The Valiant Curiosity passed close by


On this island is it peace that they sought?

Or perhaps it’s the fish that they caught.

Up the Narrows, please note,

There came a large boat,

The world’s 60th largest yacht


Synopsis:  I’m a family practitioner from Sioux City, Iowa.  I danced back from the brink of burnout in 2010, and, honoring a one-year non-compete clause, went to have adventures and work in out-of-the-way locations.  After jobs in Alaska, New Zealand, Iowa, and Nebraska, I returned home and took up a part-time, 54 hour a week position with a Community Health Center.  I’m taking a working vacation now in Petersburg, Alaska.

Bethany and I walked back the half-mile from the Petersburg Medical Center on a beautiful late summer evening.  As we ascended our stairs, we looked up Wrangell Narrows at the incoming boat traffic.

A lot of commercial fishing ships call this part of southeast Alaska home.  A series of fjords makes a previous mountain range a cluster of islands, and Wrangell Narrows doesn’t permit the entry of the big Alaska cruise ships.  In the process of learning the difference between, for example, a seiner and a long liner, we look at the structure, and guess out loud.

“It’s a couple of seiners,” we say, “See the skiff being towed and the pile of net on the afterdeck.”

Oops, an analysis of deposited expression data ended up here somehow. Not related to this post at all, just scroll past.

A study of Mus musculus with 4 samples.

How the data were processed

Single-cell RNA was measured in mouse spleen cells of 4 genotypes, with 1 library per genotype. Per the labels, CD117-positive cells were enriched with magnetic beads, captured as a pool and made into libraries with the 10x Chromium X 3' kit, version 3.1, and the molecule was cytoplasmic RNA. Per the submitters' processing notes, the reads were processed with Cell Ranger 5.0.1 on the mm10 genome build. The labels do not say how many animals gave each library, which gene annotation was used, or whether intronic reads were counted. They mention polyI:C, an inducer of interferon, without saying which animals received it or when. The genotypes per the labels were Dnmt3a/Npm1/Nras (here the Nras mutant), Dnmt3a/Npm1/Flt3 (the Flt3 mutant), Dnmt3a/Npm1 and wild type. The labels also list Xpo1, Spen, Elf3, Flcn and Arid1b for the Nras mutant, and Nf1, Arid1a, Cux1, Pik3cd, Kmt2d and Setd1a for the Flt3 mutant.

Then we wondered what we saw approaching.  “I think it’s a pleasure craft,” I said.

“Something that big?” Bethany asked.

The vessel stood three stories above the water, but lacked the worn look of a working boat.  In fact, it gleamed white.  No one stood on the foredeck, as for a cruise ship, and the afterdeck sported tables with umbrellas and chairs but no tourists drinking cocktails or eating al fresco.

As she passed by 70 yards away I read the name, Valiant Curiosity.  In the Information Age, we could gawk while she passed out of sight, and, five steps later, put the name in the search engine.

The world’s 60th largest yacht, built at a cost of $100 million for a billionaire German screw tycoon, had purred in front of us at a pace of 18 knots.  It left Seattle on June 18 for an Alaska cruise.

Pretty, but not as beautiful as the tree-covered mountains rising abruptly out of the water 400 yards across the Narrows.  Not breath-taking like the snow-covered peaks looming to the south.  Graceful, but not like the eagles, geese, or even the ducks.  Impressive, but not as impressive as the 900 seasonal cannery workers at their 16-hour-a-day, 7-days-a-week jobs.

We wondered why such a craft would come to Petersburg, a fishing village of 3,000 permanent residents, no gourmet dining and nightlife limited to two blue-collar bars.

I do not plan on finding an answer to that question.  And the best questions don’t have answers.